No one questions that quarterback Cam Newton is the face of the Carolina Panthers, their emotional leader and most dominant talent. Yet there’s another force that has carried the Panthers to Super Bowl 50. A Clark Kent to Newton’s Superman, the inside linebacker who couldn’t be more different than his high-strung teammate — or alike for that matter.
Meet Luke Kuechly, who, like Newton, can dominate games from sideline to sideline — even if he cannot seem to grow whiskers. Whether Kuechly helps the elderly cross the streets isn’t clear, but he has been known to assist fans while the game is in progress.
Kuechly attended St. Xavier High School in Cincinnati, the largest all-boys Jesuit prep school in the country. There he became known as Clark Kent, the result of his dark glasses, kind, considerate manners and then short, dark hair.
“When you meet Luke, you’re never going to guess that guy is a vicious linebacker,” said Steve Specht, his high school coach.
But to see Kuechly on the field is to know it.
“Luke was a nice boy until he crossed that line,” Specht said. “He could flip that switch like no one I ever coached. He could literally take on a new persona on the field. It’s an interesting case study.”
The Panthers drafted Kuechly out of Boston College in the first round of the 2012 draft. There, he was the roommate of Mike Morrissey, whose father Jim once played with Panthers coach Ron Rivera on the Chicago Bears.
“So we’re getting ready for the draft, and I get this call from Jim and he says, ‘Hey Ron, you gotta check this guy out — he’s Michael’s roommate,’” Rivera recalled. “I knew who he was. So I said, ‘Tell me about him.’ So he starts describing this guy, who he is. I ask, ‘Can I talk to Michael?’ He gives me his son’s number. I call his son.
“Then I talk to Jim’s wife, Amy, and they told me this story. When their daughter went to go visit their son, they said, ‘Make sure you introduce her to Luke.’ When I heard that, I was like, ‘OK, this kid has gotta be a good kid.’”
The Panthers thought so much of Kuechly that they signed him to a five-year, $62-million contract extension last fall, which made him the highest-paid inside linebacker in NFL history. The three-time Pro Bowler led the league in tackles in the 2012 and 2014 seasons.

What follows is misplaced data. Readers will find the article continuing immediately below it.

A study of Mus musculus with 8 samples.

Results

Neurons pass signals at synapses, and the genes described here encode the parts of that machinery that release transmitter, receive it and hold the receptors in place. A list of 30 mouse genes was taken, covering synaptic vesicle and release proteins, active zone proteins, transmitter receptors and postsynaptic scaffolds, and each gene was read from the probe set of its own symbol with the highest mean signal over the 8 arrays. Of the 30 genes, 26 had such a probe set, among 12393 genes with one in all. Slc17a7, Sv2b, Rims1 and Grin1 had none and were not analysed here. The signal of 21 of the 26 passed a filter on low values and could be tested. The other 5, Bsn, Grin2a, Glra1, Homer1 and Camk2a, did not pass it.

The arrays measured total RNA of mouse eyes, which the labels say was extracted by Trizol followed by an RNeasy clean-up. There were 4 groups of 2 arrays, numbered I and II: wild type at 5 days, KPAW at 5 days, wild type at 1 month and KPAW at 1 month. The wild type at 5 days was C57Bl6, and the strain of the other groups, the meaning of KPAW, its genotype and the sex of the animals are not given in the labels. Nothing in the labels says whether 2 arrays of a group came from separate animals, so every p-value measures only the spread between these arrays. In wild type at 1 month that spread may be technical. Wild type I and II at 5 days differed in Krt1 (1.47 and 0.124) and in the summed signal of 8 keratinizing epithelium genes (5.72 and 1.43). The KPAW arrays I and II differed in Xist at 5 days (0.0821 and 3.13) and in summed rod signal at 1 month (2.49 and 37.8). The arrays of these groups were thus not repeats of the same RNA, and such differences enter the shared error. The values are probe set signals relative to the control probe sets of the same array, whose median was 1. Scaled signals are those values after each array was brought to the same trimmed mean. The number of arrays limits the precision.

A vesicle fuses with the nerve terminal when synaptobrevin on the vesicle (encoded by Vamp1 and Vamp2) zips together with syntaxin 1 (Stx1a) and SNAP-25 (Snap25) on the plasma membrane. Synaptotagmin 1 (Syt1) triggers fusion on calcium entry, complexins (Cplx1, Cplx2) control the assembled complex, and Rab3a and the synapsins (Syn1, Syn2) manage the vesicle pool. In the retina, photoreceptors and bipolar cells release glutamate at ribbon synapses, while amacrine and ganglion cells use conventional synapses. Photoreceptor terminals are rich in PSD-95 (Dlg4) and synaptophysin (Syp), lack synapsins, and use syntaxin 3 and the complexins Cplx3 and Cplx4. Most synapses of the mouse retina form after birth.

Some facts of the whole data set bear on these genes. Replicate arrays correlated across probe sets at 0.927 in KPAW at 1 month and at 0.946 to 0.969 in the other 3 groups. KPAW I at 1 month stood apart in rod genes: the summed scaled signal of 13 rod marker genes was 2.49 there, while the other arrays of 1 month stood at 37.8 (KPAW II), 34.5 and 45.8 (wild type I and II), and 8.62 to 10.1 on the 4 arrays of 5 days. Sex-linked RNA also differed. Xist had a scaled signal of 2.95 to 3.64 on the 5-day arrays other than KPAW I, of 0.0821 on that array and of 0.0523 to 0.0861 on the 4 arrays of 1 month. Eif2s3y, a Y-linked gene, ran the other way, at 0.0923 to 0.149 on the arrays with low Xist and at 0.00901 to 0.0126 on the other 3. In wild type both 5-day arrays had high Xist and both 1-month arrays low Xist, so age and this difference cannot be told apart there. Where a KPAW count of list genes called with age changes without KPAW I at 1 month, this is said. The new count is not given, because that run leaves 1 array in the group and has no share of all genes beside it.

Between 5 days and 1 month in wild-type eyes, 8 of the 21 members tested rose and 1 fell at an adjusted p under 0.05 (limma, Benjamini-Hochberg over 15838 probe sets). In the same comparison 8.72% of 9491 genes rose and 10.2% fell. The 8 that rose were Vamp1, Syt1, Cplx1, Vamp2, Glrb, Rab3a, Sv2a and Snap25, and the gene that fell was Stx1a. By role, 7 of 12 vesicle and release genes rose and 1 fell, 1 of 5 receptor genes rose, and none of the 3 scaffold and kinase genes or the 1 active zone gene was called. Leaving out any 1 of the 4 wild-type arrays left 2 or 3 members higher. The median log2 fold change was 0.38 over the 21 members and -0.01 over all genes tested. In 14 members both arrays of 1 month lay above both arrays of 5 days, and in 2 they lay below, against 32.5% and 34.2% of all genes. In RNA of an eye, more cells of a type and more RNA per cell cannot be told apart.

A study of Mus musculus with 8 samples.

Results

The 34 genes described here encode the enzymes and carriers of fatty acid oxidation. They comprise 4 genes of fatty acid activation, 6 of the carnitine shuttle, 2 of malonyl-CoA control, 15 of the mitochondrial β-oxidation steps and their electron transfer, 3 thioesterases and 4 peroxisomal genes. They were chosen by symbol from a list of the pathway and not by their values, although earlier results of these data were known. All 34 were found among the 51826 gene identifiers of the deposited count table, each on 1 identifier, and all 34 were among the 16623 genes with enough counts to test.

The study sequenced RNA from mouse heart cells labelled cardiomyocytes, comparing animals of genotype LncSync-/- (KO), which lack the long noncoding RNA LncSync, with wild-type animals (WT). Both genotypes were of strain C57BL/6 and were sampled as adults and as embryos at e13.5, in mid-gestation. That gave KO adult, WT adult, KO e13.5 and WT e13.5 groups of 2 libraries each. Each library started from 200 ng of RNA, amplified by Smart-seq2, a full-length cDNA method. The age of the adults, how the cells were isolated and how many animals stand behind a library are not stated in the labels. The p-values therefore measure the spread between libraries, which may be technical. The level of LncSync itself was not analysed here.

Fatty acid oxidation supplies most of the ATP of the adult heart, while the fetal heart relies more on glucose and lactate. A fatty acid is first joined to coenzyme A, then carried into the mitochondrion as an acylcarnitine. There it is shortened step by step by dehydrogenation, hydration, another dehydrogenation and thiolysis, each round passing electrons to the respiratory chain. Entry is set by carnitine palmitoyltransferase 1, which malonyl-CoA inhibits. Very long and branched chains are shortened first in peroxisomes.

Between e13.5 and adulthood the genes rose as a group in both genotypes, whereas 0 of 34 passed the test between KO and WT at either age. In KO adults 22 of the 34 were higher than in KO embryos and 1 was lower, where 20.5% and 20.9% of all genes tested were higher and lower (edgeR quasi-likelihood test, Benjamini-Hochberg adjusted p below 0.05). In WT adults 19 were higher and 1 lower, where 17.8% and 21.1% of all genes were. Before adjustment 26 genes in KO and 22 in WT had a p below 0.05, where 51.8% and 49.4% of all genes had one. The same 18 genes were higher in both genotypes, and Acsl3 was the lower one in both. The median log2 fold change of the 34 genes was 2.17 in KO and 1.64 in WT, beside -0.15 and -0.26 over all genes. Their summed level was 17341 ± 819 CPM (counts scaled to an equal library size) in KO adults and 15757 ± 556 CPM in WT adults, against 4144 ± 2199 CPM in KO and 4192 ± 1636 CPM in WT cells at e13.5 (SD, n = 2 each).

Kuechly hasn’t experienced much failure in his career, but there is one noticeable thing that he can’t do to save his reputation. That’s grow a playoff beard.
“I tried, and it looked terrible,” Kuechly said.
Teammates Ben Jacobs, Ryan Kalil, Greg Olsen and Mike Remmers had no such problem, which prompted them to cut a deal.
“They said, ‘All right, well, if you can’t grow your beard you have to grow the hair,’” Kuechly said.
He can’t remember his last trip to the barber, but the results have been good enough to satisfy his teammates for now.
In the NFC Championship Game, a rout of the Arizona Cardinals, Kuechly helped set the tone when he returned an interception for a touchdown. He ran to the stands to celebrate, handing out high-fives and fist-bumps to fans along the way.
But when one Panthers backer tumbled out of his seat onto the field, Kuechly stopped in his tracks. He checked on the fan and assisted him to his feet.
“You probably would have [stopped to help], too.” Kuechly reasoned with reporters later. “He fell out of the stands, and his face didn’t look like he was feeling too good. He fell right in front of me, so I couldn’t just step over him.”
But wouldn’t some players have been too caught up in the moment to notice the fall guy?
“Well, I don’t know,” Kuechly replied. “He looked like he wasn’t doing so good, so I had to make sure he was doing all right. … He got up and he kind of smiled, and once he smiled, I figured he was all right.”